The High Yield Bond Market Has Never Been This Decoupled From Reality

In March we explained how 'this credit cycle was different' as recovery rates of defaulted debt had plunged to record lows.

JPM's Peter Acciavatti noted...

Recovery rates in 2016 are extremely low... for high-yield bonds, the recovery rate YTD is 10.3% (10.5% senior secured and 0.5% senior subordinate), which is well below the 25-year annual average of 41.4%. Final recovery rates in 2015 for high-yield bonds were 25.2%, compared with recoveries of 48.1%, 52.7%, 53.2%, 48.6%, and 41.0% in full-years 2014, 2013, 2012, 2011, and 2010, respectively. Notably, average recoveries for Energy and Metals/Mining bonds were 18.3% and 20.0%, respectively, which weighed down overall high-yield recovery rates. Excluding the troubled commodity sectors, high-yield recoveries were a more respectable 46.1% (32.1% Ex-Energy only). As for loans, recovery rates for first-lien loans thus far in 2016 are 24.5%, compared with their 18-year annual average of 67.2%. Final 2015 1st lien recoveries were 48.2%, while average recoveries for Energy and Metals/Mining 1st lien loans were 44.1% and 38.4%, respectively.

The record collapse in recovery rates is shown below.

It is not just JPM who points out what we first noticed in January: in an interview with Goldman's Allison Nathan, credit guru Edward Altman reiterates that same warning, although he focuses on the 2015 recovery rate which already is more than two times higher than that seen in 2016 defaults:

Allison Nathan: What is your view on recovery rates?


Edward Altman: Our approach to recovery rates is not centered on sectors. What we’ve looked at carefully over 25 years is the correlation between default rates and recovery rates. As you would expect, when the former rise to high or above-average levels, you always observe the latter dropping to below-average levels. This strong inverse relationship is as much a function of supply and demand as it is of company fundamentals. So if we are expecting a higher default rate in 2016 and even 2017, then we would expect a lower recovery rate. Already in 2015, the recovery rate dropped dramatically relative to 2014 even though the default rate was below average; we saw a 33-34% recovery rate versus the historical average of 45%, measured as the price just after default. This is primarily due to the heavy concentration of energy companies whose recovery rates depend on their ability to liquidate their assets at reasonable prices, which in turn depends on the price of oil. Low oil prices have pushed recovery rates in the energy sector below 25% and even into the single digits for some companies. And that’s going to continue. So this year I expect recovery rates much below average, producing a double-whammy of high default rates and low recovery rates for credit investors.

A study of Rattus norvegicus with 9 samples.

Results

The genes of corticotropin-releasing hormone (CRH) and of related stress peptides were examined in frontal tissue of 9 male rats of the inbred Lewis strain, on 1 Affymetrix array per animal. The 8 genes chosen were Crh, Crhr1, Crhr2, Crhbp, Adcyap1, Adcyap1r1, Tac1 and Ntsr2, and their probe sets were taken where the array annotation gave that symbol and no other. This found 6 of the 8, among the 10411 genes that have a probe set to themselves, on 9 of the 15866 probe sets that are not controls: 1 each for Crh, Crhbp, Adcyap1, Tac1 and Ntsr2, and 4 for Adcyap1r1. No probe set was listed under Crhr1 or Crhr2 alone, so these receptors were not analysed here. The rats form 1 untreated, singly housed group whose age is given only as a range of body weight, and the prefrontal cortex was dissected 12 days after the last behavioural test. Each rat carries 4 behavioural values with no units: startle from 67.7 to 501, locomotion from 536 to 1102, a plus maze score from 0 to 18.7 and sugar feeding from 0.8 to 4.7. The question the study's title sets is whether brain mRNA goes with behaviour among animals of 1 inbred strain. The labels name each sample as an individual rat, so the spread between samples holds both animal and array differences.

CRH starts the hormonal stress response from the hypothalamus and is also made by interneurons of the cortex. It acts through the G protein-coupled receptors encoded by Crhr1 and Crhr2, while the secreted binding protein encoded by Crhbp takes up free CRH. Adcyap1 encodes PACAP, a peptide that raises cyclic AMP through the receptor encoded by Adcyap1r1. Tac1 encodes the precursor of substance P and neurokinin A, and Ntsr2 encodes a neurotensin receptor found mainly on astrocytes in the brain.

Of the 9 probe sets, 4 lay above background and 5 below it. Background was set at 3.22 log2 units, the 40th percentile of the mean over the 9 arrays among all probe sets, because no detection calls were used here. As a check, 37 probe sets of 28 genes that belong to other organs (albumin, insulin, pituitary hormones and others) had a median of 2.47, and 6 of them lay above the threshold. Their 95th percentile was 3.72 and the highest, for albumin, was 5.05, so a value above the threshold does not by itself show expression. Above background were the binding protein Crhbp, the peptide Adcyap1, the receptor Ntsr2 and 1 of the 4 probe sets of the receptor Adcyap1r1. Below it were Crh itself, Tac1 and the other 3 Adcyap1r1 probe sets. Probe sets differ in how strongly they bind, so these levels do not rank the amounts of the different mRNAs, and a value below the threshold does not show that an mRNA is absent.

Since then recovery rates have dropped even further... BUT high-yield bond prices have surged on the back of ECB, BOE buying and the knock-on effects of $200 billion per month of 'experimentation' by the world's central-planners...

h/t @BondVigilantes

Simply put, the revelation of a default event exposes the vast gap between 'real' asset values (upon liquidation or bankruptcy) and the artificially supported 'prices' seen in bond markets.

In the 30 year life of the so-called junk bond market, the chasm between reality and central-planner-created markets has never been wider.